Martin and Philip were invited by Gwen to Atlantis, a safe haven for all female sorceresses from a society which is far from friendly to those whom they deem as witches, where a grand summit to gather all the leaders of all known wizard colonies in the world will be held. In the meantime, Jimmy was masterminding his way of getting back in time through the two federal agents who were looking for Martin back in the 21st century.
Firstly, I will have to stress that this story is best enjoyed via audiobook. The narrator truly brought out the best of what the author had to offer. In the few times when I was just reading it off the pages, I found that while it was still funny it was nothing compared to listening to Luke Daniels acting out each character to perfection. Sure, some the voices sounded a bit exaggerated but in the spirit of the comedic turn of this story, it is appropriate.
The good cop, bad cop representation of the two (unluckiest) federal agents was corny and clichéd but I had to admit I really had a good laugh over it. Like I’ve said in my review for the first book, you should not take this too seriously.
Miller and Murphy employed an exaggerated version of the old good cop/bad cop routine that Jimmy liked to call “violently unstable rage-aholic cop/ friendly, talkative youth pastor cop.”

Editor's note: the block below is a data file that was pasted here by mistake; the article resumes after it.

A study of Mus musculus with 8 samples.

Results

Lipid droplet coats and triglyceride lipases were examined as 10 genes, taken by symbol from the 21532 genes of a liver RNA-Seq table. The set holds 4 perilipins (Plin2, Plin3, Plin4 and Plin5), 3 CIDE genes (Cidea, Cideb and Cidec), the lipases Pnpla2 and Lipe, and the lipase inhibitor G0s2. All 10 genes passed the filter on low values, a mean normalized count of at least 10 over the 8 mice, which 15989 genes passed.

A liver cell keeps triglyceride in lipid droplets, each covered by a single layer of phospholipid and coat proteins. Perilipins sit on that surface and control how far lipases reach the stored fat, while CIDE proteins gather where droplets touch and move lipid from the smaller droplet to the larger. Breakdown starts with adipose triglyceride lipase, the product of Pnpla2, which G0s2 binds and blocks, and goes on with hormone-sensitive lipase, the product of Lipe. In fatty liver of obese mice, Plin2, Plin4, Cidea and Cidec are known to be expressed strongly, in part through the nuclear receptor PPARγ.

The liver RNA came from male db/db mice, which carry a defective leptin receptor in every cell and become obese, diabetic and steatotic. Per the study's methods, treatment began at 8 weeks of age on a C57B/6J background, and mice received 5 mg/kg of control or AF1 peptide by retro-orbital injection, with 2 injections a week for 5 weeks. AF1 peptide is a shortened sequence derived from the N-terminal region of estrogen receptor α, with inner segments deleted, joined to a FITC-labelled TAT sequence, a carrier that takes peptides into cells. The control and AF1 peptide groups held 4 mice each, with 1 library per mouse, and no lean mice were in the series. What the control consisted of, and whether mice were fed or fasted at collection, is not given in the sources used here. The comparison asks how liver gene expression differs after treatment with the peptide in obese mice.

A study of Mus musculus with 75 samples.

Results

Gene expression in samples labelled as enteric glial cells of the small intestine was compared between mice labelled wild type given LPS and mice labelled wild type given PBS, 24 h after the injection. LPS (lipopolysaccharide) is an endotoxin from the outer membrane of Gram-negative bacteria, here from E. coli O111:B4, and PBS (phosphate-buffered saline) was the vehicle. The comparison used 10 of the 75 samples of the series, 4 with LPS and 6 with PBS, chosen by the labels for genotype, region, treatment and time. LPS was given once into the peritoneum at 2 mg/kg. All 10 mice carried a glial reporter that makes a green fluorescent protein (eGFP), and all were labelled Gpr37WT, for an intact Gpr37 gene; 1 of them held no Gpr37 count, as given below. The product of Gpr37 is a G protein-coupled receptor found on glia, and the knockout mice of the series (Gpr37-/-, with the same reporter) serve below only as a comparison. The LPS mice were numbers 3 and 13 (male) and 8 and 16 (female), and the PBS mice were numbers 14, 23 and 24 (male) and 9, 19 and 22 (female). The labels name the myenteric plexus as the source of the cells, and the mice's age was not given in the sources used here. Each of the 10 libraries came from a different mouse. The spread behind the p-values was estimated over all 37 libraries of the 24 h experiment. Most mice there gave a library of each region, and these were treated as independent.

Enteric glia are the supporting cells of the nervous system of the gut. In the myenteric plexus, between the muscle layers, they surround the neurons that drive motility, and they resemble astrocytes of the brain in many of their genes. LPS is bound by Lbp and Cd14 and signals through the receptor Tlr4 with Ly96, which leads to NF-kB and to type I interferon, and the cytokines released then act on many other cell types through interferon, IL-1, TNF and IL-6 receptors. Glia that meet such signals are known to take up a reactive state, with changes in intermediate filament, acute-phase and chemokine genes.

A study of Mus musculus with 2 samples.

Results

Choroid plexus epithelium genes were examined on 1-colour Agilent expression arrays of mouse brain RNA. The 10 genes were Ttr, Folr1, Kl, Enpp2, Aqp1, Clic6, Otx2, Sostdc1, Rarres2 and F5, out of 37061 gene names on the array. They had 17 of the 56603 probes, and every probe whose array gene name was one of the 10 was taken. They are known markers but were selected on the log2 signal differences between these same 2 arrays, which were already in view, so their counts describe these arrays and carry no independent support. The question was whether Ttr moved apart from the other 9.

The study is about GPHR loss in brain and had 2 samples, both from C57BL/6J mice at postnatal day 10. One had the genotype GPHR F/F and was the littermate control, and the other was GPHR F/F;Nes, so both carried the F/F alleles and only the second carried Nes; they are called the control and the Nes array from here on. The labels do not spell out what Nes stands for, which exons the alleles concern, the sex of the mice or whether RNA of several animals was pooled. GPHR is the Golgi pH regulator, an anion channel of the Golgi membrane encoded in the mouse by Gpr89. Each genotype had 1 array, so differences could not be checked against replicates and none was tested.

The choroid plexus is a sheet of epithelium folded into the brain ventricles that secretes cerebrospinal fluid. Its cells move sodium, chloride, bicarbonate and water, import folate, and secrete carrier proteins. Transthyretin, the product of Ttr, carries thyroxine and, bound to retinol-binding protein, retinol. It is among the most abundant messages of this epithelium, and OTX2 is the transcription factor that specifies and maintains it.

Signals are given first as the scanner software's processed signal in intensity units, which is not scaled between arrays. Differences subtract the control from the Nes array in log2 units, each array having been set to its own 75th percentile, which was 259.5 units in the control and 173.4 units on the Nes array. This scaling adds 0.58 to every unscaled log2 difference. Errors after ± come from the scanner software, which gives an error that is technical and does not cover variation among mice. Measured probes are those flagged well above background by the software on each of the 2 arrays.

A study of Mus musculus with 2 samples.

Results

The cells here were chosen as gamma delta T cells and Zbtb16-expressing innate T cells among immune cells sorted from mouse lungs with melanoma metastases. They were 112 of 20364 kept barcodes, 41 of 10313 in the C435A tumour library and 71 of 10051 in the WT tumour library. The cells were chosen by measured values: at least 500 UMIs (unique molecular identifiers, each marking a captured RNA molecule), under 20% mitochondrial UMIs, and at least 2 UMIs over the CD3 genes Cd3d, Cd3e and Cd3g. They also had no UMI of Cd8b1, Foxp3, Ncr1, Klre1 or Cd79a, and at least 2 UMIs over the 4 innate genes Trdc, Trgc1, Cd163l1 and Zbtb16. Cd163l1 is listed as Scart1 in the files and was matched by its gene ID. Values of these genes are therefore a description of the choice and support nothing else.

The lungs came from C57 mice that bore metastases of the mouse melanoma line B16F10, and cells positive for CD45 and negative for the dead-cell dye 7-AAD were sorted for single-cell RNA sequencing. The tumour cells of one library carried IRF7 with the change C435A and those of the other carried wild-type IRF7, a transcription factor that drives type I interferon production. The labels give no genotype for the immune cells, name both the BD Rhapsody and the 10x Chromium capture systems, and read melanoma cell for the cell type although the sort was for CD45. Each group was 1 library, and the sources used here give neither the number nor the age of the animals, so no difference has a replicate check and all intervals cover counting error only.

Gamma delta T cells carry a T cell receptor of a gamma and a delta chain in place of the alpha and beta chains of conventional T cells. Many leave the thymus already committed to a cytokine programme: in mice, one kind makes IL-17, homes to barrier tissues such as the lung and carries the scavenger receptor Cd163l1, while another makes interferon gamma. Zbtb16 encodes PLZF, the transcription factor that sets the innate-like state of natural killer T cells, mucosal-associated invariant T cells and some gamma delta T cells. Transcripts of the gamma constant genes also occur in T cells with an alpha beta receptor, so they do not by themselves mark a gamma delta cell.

Meanwhile, in Atlantis, Martin and Philip met the Britts, and got entangled in a web of murder and intrigue. The plot around the Britts was at times long-winded and thoroughly confusing as their very co-existence created a time-travel conundrum that resulted in regular alliteration of its theoretical possibility. And of course, while all that is happening, Martin was still trying to win the girl.
The worldbuilding element of Atlantis was pretty darn cool. That it was all created by a woman kind of makes sense from an aesthetic point of view. However, a society that was solely ruled by women did result in certain aspects which were not exactly tasteful in my opinion. While some readers might feel offended by how such a female-dominated society is portrayed, I took it in stride as a form of parody given the deliberate comical narrative of the story.
Seriously, or perhaps not so seriously, some of the action scenes could belong in a campy slapstick comedy.
He saw the fearsome creatures, the wall of flame, the large audience, and the international task force of wizards, all clearly ready for action, standing in what he had to admit were mostly bad imitations of kung-fu poses.
Although the writing is easy and direct, the author has a way of playing with and putting together iterations in a whimsical fashion that fits the narrative.
He was half of a two-man task force, assigned to investigate and possibly solve a series of possibly connected impossible occurrences that were possibly crimes.
While this was not as good as the first, partly due to some long-winded sections and partly due to the ‘villains’ who annoyed me, I still find it enjoyable enough to want to continue with the next books in the series. It’s rare to find smart comedy like this and one with an amazing narrator as well. Last but not least, I love the whimsical 8-bit graphics covers.